XYZprinting wants to feed you 3D-printed cookies
In front of me, there’s an appliance that looks like a futuristic microwave. It’s unusually large, at a little over 60cm tall, but the curved metal sides and gloss black fascia are markedly more stylish than your average kitchen gadget. That’s because this is XYZprinting’s prototype 3D food printer – the first 3D printer you could genuinely expect to put in your kitchen. Fittingly, this particular example has taken up residence in School of Wok, an Asian cookery school just a short walk from Charing Cross station.
“Savoury items such as cream cheese and pâté can be printed directly onto bread, toast or pancakes.”
While XYZprinting is better known for its more traditional 3D printers, this prototype explores the culinary possibilities of applying the tech to the kitchen. However, unlike rival devices I’ve seen, XYZprinting’s vision of the 3D food printer doesn’t swap plastic filaments for sugar- and water-based materials. Instead, it’s using real food; real ingredients plucked from a kitchen such as dough and chocolate spread, as well as savoury items such as cream cheese and pâté that can then be printed directly onto bread, toast or pancakes.
Mmm, cream cheese and pâté pancakes – my favourite
Here’s one I printed earlier
The printing process is surprisingly simple. Pull on the handle at the front and there’s room for three plastic tubes of “printing material”. Close the door, select a suitable 3D model from the touchscreen on the front of the device, and press Start. As you can transfer 3D models over Wi-Fi, USB stick or via a USB connection from a PC, it really couldn’t be easier. Best of all, you can use the same models that you’d use with one of XYZprinting’s 3D printers – as long, that is, they aren’t too complex.
The time taken depends on the size of the model, but the flag pictured below took around 12 minutes. It doesn’t take an expert eye to recognise that high-precision detail is not the forte of this machine, but it’s still a fun proof-of-concept – and apparently it’s possible to print creations up to 20cm high. Giant cookies anyone? By far the best news, however, is that XYZprinting is looking to future models that will both print and bake the final creations, but for now you have to factor in the baking time in a traditional oven.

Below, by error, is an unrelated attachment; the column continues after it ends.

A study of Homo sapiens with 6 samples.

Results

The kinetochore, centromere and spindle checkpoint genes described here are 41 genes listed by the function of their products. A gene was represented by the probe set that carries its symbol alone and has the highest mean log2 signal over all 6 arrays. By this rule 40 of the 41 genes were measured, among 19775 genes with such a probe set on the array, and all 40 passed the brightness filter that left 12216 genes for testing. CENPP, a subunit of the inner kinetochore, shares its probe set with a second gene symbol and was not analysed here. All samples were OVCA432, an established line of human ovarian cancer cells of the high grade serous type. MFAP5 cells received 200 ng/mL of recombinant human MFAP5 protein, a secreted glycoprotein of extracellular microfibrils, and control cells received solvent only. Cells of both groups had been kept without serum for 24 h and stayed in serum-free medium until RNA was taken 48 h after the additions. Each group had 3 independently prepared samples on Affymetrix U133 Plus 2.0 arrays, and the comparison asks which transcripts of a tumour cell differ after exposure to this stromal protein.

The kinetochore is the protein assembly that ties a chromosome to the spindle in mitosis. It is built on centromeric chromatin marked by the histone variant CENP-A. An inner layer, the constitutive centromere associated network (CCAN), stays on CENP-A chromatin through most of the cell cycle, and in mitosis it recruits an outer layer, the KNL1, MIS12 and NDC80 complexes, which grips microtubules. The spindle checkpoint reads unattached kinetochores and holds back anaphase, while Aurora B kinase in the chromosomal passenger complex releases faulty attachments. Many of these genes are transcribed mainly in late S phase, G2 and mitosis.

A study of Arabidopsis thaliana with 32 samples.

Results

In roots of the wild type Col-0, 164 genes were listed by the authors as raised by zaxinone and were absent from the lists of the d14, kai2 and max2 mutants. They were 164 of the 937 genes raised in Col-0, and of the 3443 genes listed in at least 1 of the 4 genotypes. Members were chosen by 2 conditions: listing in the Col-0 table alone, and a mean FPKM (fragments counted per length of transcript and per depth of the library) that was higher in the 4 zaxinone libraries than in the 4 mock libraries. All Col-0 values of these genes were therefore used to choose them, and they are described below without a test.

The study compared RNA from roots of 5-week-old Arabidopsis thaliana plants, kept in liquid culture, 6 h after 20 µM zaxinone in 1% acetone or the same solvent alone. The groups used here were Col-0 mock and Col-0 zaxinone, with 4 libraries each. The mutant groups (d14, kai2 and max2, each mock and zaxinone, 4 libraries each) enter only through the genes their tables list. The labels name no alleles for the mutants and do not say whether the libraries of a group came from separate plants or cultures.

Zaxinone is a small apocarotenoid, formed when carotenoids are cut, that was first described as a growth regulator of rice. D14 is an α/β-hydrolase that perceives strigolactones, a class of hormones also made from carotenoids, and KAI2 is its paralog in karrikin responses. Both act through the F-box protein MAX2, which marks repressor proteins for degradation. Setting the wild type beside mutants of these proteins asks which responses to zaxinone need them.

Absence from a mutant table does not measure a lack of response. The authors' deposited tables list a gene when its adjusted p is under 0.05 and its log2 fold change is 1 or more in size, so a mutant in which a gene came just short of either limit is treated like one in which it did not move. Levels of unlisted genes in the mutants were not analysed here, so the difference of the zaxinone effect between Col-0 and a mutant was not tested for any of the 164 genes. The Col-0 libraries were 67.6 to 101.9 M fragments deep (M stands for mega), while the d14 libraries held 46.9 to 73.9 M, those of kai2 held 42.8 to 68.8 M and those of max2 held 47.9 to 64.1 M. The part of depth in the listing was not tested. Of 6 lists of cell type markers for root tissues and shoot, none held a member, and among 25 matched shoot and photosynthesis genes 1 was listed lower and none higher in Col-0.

These refillable tubes can be stuffed with pretty much anything that has the correct consistency – I joked that most of the tubes looked like they’re filled with Play-Doh, and was told that’s exactly what XYZprinting’s designers used when they were originally prototyping the device. Thankfully, I was treated to real cookie-dough-based creations, though.
Right now, it’s safe to say that the technology is purely within the realms of novelty. The relatively thick nozzles and, by London’s standards, blazing heat caused all manner of problems for the printer. The consistency of the printing materials is the key to success here, and with the 30˚C weather combined with the warm blast of air from the School of Wok’s busy kitchens, it was anything but an ideal scenario for food printing. It will be some time before the technology is capable of creating the same complex geometric shapes as a traditional 3D printer.
That said, the biggest question here is whether it tastes good, and the answer is yes, it really does. Put in a good-quality cookie dough mix, combine with some cutesy 3D models of bears, and the result is a tray of super-cute, super-tasty cookies. That’s a winning combination. (Admittedly, someone who shall remain nameless had eaten all the nicely printed bears by the time I got a chance to snap the above photo.)
Please, Sir, can I have some more (3D-printed cookies)?
Right now, you can’t rush out and buy one – only 200 have been sold to businesses and interested parties, with each of the prototype printers sold at a cost of roughly 1,000 euros each. Still, that’s pretty reasonable when you recall the stratospheric cost of basic 3D printers when they first came out.
Sadly, though, there’s no confirmed release date for the final product. If you’re already salivating at the prospect of printing your own bespoke 3D-printed Hobnobs, then you’ll just have to wait patiently until XYZprinting’s 3D food printer finally hits the mainstream. Until then, McVitie’s needn’t be worried.